Someone is using my five-year-old daughter's Social Security number. They already have two credit cards open under her number. What should I do?
Just because someone has used your daughter's Social Security number does not necessarily mean that they have stolen her entire identity or that she will have a credit report in her name. However, you certainly want to confirm that the accounts are not matched to her in any other way.
Steps to Take If You Think Your Child May Be a Victim of Fraud
Your first step should be to file a police report. A police report will help speed fraud assistance process when working with creditors and the credit reporting companies.
Your second step is to request your daughter's credit reports and add 90-day security alerts to them if they exist. You can find instructions to request her report in Experian's online Fraud Center under "Minor child instructions."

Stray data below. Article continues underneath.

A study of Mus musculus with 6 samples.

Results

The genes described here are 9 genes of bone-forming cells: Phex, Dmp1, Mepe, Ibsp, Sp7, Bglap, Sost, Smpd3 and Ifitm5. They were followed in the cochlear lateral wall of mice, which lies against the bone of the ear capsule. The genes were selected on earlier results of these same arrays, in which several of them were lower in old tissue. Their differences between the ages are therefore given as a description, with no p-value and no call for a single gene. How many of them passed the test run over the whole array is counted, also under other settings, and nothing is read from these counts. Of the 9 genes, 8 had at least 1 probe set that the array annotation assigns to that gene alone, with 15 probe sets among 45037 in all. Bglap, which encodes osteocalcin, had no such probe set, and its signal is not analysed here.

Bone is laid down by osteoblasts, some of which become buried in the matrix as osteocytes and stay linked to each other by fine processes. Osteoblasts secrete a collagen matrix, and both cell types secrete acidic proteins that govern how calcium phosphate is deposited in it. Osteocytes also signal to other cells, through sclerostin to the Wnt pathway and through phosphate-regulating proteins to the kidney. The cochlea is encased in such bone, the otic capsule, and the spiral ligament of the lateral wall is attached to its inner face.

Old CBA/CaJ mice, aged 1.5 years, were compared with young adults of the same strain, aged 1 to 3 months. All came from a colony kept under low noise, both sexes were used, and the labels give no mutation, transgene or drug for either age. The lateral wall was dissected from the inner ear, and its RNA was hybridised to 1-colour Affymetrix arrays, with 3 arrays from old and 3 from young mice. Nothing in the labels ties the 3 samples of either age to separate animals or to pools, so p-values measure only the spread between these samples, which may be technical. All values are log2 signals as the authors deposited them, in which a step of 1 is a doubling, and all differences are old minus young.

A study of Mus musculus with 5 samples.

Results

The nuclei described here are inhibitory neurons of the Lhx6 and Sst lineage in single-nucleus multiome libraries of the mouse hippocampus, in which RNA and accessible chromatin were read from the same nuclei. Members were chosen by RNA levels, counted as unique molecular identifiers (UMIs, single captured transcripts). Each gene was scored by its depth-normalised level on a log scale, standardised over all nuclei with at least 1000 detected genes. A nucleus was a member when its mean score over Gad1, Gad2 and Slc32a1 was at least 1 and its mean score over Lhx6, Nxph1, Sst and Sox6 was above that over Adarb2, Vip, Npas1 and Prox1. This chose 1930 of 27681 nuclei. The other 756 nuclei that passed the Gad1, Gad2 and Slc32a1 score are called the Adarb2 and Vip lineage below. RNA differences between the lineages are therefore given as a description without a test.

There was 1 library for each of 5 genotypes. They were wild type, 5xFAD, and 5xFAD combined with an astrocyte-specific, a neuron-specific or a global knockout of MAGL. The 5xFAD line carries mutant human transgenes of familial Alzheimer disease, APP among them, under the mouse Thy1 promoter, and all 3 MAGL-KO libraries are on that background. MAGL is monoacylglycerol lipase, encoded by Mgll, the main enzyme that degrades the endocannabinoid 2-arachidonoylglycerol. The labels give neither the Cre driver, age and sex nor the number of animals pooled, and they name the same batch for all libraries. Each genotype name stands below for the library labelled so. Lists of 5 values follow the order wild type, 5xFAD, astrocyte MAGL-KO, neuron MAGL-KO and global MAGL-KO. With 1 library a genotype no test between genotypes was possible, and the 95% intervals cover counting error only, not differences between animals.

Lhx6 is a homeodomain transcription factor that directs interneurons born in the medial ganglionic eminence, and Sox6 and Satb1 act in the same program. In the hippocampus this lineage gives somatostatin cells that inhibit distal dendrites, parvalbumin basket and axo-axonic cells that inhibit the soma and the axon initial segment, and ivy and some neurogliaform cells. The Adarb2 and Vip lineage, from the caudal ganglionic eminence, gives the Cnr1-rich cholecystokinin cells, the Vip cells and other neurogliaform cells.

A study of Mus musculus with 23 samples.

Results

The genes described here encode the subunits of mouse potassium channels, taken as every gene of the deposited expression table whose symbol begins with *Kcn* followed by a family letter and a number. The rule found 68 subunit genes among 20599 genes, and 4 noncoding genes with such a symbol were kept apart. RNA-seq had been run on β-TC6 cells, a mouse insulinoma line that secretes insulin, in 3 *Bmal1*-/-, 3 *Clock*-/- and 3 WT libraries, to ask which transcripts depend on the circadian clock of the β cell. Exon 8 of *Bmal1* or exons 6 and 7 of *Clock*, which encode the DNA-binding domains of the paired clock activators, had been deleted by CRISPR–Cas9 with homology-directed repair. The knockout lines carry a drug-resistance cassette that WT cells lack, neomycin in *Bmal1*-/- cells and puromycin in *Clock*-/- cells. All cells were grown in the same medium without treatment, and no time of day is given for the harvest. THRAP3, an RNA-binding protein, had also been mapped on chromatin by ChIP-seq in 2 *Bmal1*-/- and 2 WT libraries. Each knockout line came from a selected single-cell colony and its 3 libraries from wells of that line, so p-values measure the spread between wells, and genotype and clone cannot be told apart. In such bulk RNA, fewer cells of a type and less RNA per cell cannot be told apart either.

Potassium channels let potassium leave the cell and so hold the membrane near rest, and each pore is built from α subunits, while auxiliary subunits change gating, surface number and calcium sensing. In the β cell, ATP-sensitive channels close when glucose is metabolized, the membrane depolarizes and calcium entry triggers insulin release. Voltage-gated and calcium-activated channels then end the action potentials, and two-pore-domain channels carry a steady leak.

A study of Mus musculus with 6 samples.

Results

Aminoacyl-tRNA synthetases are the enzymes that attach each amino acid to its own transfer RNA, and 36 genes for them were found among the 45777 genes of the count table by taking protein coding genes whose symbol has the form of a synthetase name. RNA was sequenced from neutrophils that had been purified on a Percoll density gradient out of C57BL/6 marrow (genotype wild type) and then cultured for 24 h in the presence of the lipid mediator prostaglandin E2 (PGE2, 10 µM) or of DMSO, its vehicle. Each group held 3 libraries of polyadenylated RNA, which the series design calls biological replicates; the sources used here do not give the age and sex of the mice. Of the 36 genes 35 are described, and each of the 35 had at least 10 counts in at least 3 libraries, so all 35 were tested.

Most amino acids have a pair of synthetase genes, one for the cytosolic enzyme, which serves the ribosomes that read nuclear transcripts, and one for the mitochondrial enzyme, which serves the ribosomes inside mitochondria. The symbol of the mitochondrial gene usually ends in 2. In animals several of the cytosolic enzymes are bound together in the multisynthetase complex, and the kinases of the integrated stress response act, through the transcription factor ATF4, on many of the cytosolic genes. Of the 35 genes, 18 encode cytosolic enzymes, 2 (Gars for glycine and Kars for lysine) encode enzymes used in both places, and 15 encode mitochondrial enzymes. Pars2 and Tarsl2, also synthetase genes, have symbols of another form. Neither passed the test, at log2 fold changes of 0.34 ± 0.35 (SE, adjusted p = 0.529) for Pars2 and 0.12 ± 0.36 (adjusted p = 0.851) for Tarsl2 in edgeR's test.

If she has a credit report in her name, you will be able to immediately identify the fraudulent accounts. With the police report you will be able to add a seven-year victim statement to the credit report, and Experian will be able to proactively begin removing the accounts.
The credit report will also help you identify and contact lenders reporting fraudulent accounts, which is the third step. They may ask for a copy of the police report, have you complete fraud affidavits and provide additional information during their fraud resolution processes.
Monitor Credit Reports for Signs of Fraud
After taking those actions, you should monitor your daughter's credit history regularly, at least once a year, if not more frequently.
It's also important to carefully monitor your mail correspondence in your daughter's name that could indicate fraud, such as product offers, billing statements or collections notices.